Park City School Board candidates spar on differences
In a contest between two candidates who agree on many important issues, the Park City School Board District 5 race may come down to philosophical differences about their respective qualifications.
Doug Payne has decades of education experience both as a teacher and administrator, including five years as principal at Treasure Mountain Junior High and 11 years as an assistant principal at Park City High School. Julie Eihausen has not led a classroom or a school, but as a member of the community she has closely followed matters relating to local schools, regularly attending School Board meetings over the last several years.
While noting that he and Eihausen share many similar opinions when it comes to policy, Payne says his educational experience sets him apart. He believes he can provide a unique and important voice to the Board.
"I see that as one of the strongest assets that I have," he said. "Not only was I a teacher, I was a principal at Treasure Mountain Middle School, so I’ve had all that (experience), as well as an assistant principal and athletic director at the high school. So I know all the facets. I know what teachers need and I know what administrators need. I think that educational background is one of the strongest reasons people should vote for me."
Eihausen, on the other hand, says Payne’s background is in this case a weakness. Whereas teachers and administrators already have representation at the district level, the purpose of the Board, she believes, is to represent residents.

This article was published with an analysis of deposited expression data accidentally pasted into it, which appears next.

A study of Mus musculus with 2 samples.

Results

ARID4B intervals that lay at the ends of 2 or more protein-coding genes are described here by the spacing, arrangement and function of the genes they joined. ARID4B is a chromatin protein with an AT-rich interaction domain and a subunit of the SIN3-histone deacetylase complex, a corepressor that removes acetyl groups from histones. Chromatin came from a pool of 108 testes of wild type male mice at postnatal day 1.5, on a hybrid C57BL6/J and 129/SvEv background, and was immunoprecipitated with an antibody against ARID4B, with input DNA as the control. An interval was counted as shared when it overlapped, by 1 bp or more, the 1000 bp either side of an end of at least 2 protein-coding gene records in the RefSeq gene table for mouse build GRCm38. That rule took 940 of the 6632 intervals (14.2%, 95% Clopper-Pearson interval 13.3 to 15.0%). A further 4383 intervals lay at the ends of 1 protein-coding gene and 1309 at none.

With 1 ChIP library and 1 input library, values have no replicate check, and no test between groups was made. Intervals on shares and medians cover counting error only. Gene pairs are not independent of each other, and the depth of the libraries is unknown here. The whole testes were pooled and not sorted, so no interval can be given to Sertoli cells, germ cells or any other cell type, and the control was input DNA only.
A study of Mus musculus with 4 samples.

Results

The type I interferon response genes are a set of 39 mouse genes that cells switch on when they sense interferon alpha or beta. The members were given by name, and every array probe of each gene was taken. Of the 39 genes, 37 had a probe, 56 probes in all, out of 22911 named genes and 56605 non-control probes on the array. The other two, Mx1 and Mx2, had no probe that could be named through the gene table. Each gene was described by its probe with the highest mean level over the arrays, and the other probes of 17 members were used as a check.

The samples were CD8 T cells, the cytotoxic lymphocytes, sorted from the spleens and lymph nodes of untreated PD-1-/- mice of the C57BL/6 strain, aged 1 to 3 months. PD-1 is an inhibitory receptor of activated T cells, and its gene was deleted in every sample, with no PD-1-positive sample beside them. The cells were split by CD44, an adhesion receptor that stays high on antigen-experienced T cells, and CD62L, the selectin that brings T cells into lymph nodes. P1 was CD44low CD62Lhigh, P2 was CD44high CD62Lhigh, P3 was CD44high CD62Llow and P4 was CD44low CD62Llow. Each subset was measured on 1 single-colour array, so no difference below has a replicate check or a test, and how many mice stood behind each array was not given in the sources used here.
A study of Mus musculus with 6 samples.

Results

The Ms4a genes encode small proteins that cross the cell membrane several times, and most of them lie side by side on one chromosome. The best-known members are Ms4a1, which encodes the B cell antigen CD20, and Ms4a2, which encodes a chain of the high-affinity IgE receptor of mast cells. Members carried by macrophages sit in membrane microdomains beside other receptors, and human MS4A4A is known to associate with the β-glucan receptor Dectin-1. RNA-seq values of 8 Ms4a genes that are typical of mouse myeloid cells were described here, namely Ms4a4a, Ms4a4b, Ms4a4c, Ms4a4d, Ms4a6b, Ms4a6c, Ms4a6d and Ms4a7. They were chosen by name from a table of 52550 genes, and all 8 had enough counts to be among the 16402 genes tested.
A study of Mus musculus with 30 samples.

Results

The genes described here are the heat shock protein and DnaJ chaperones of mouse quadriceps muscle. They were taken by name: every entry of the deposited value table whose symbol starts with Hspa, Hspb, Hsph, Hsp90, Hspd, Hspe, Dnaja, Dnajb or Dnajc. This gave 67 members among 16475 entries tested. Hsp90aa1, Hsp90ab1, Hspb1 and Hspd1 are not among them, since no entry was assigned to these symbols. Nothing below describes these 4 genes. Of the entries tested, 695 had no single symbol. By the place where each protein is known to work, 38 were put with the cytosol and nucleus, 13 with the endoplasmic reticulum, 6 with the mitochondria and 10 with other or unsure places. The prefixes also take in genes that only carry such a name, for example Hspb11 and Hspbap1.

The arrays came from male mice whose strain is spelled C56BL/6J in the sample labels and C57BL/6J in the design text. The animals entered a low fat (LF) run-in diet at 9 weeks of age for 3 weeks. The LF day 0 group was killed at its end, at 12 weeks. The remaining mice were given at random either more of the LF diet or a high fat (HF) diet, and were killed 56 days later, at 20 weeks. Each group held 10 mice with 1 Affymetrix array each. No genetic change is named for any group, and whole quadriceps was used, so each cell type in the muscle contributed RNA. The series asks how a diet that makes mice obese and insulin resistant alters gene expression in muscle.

"I really feel like the school board needs to represent the community, not one specific group that already has representation," she said.
There is another sticking point, as well. Payne’s wife is a full-time math teacher at Treasure Mountain Junior High. Eihausen says that represents a conflict of interest that would handicap Payne’s ability to serve.
"I can vote on every issue," she said. "I have some concerns that Doug’s not going to be able to represent his constituency. Because he really shouldn’t be participating in discussions or voting on anything to do with teacher compensation, benefits or any policy that’s going to effect a licensed teacher. That’s going to knock him out of quite a few discussions and votes."
Payne vehemently disagrees. He says there would be no reason for him to sit out discussions or votes because he has the interest of the whole district, not just one teacher, in mind.
"There are boards all over the whole spectrum — I’ll bet there are doctors that are married, whose wives may be patients, and they’re on the boards," Payne said. "I don’t see any kind of conflict of interest there at all. There can’t be any conflict there — you’re responsible for everybody that works for the district."
As far as their similarities, they acknowledge the feasibility of the district’s budget is the most important issue to address.
"I’d like to have a list of all of our programs, how much we’re spending on them and then what is the outcome we’re getting for that investment," Eihausen said. "I’d like to go through and rank those."
Payne added: "We need to look at every facet of the budget. With input from others beside the board — get some teachers involved and community members — so we know what we really need and what we don’t need."
While early voting is under way, the election will be held Nov. 4. J.J. Ehlers is running unopposed in Park City District 4.